Citizen scientists in every state and territory have helped The Australian National University (ANU) smash its own stargazing Guinness World Records title and search through thousands of telescope images online to find two exploding stars in space.
More than 40,000 people across hundreds of locations in Australia looked at the Moon at the same time last night to break the world record for the Most people stargazing multiple venues, five times greater than the number of people involved in the previous record.
The effort was so great that Guinness World Records officials were unable to confirm the final numbers on the ABC's final Stargazing Live episode.
ANU held the previous Guinness World Records title for the Most people stargazing multiple venues – just shy of 8,000 participants across 37 locations in Australia looked up to the night-sky at the same time on 21 August 2015.
Dr. Anais Möller from ANU said citizen scientists searched through images from ANU SkyMapper telescope to help astronomers identify two new Type Ia supernovae, which are exploding stars that scientists use to measure the Universe.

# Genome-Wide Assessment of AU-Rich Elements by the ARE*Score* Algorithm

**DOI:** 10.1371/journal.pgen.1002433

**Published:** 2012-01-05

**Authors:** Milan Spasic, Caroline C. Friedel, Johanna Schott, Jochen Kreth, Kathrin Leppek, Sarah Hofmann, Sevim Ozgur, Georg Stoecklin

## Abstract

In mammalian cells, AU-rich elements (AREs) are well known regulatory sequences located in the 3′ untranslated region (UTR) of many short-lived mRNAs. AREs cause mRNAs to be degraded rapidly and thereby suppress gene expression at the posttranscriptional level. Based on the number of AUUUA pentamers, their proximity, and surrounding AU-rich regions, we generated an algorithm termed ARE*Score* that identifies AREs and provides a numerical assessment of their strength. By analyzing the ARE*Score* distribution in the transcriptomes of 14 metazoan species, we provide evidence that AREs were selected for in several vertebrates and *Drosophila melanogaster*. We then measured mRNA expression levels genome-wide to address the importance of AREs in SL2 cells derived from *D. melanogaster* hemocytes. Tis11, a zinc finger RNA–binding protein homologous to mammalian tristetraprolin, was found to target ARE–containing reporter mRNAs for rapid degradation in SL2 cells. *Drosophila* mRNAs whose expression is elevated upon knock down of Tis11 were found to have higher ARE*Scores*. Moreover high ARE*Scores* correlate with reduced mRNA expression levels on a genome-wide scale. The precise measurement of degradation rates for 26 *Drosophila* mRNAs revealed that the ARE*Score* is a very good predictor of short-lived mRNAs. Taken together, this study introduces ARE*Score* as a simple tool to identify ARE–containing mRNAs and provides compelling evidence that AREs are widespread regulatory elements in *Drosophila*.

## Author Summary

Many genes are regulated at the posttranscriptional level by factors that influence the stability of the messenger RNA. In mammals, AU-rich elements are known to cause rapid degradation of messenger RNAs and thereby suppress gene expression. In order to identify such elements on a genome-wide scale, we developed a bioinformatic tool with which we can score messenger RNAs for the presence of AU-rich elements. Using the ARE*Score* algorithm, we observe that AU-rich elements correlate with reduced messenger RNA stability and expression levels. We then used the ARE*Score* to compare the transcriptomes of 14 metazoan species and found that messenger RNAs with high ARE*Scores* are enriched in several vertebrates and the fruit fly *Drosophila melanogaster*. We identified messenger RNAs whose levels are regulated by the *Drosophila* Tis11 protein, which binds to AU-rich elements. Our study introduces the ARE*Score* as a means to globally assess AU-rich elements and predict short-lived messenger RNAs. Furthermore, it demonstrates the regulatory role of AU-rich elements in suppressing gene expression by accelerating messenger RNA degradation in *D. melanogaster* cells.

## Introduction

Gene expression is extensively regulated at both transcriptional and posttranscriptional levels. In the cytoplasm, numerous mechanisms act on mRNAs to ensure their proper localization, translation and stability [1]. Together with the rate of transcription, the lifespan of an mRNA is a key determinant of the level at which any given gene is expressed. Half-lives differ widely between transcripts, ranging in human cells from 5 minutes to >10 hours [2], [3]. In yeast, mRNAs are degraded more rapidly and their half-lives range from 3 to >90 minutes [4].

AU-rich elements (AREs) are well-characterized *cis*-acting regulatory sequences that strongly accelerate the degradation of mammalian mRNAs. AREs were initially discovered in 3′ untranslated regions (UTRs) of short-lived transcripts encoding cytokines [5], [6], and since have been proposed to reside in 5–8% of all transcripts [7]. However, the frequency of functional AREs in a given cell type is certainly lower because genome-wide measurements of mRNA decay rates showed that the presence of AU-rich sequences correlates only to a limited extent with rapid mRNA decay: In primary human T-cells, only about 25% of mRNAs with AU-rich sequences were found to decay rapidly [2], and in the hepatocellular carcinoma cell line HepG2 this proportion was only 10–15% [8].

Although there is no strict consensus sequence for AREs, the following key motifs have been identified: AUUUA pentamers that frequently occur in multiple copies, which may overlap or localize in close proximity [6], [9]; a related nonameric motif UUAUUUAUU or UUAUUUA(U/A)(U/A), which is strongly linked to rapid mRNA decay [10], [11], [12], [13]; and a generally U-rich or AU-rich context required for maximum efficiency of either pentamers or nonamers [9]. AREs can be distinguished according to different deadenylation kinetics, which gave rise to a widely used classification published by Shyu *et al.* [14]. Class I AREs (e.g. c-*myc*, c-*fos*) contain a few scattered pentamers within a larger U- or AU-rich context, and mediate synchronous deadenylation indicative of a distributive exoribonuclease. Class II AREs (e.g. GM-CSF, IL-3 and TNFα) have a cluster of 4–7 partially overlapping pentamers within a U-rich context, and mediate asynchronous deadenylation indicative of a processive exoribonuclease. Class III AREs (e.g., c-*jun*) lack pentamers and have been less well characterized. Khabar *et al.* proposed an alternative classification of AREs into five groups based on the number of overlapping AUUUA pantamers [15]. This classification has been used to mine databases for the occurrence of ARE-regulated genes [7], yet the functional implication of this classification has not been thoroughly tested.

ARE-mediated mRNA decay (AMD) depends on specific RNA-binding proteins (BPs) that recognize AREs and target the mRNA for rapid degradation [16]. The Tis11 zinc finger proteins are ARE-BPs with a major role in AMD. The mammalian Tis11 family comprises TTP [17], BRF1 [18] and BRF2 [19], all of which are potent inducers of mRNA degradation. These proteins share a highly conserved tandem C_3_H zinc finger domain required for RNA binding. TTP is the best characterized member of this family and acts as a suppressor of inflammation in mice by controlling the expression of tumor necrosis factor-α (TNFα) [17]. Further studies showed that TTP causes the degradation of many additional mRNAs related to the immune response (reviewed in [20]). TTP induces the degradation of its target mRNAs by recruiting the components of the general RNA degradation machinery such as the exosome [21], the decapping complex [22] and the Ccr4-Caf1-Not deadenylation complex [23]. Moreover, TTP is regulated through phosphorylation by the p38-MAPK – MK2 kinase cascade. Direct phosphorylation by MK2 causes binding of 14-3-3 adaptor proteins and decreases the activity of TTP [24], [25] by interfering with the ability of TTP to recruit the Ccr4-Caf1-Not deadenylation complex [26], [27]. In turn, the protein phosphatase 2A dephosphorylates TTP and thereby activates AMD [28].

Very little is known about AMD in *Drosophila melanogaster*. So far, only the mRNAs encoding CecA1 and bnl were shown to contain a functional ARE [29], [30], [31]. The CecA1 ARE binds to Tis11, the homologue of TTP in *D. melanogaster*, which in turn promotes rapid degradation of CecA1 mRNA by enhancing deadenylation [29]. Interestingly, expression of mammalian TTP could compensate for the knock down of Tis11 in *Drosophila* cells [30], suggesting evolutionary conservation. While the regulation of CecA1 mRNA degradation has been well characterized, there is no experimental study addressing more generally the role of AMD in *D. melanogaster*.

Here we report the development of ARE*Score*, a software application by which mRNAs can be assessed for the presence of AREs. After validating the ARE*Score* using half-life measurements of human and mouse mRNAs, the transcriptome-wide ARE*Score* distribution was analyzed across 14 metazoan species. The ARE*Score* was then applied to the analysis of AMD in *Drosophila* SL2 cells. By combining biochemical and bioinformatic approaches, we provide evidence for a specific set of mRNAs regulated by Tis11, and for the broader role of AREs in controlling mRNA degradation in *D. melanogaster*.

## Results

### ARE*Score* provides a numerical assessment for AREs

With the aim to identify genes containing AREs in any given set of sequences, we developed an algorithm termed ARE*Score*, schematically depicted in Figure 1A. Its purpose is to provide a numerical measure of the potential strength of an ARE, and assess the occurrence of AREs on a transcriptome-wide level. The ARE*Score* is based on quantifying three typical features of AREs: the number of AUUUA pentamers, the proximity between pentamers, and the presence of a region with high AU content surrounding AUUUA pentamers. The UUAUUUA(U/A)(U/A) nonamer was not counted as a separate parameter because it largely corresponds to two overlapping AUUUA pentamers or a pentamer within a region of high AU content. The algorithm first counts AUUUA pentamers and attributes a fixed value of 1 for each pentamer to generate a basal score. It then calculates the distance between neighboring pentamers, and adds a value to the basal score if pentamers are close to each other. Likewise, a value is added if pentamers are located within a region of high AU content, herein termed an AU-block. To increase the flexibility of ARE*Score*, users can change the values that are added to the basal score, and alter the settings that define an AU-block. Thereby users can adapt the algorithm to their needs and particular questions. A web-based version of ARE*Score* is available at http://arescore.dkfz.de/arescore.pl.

"SN2018bwq is around 1.1 billion light years away from Earth, and it is still getting brighter," said Dr. Möller from the ANU Research School of Astronomy and Astrophysics.
"SN2018bwp is around 900 million light years away and it is already fading away."
Dr. Möller and ANU astronomer Dr. Brad Tucker lead the citizen science project, which was part of ABC's Stargazing Live broadcast this week from the ANU Siding Spring Observatory.
"I'm amazed that more than 6,000 volunteers have helped us over three days to make more than 1,700,000 classifications in our search for exploding stars in the Universe," Dr. Möller said.
"A professional astronomer would need nearly two years to do the same amount of work, so it's an incredible achievement."
Dr. Tucker said the fact that tens of thousands of citizens took part in the citizen science project and the stargazing world-record effort was amazing.
"Events like the world-record attempt and asking for help with searching for new exploding stars just goes to show that science is really for everyone," said Dr. Tucker from the ANU Research School of Astronomy and Astrophysics.
He said the partnership with the ABC to engage the public through Stargazing Live had been fantastic.
"It has been a great showcase of astronomy and all the great work we are doing in Australia," Dr. Tucker said.
"And who knows, it might have inspired the next Nobel Prize winner from Australia."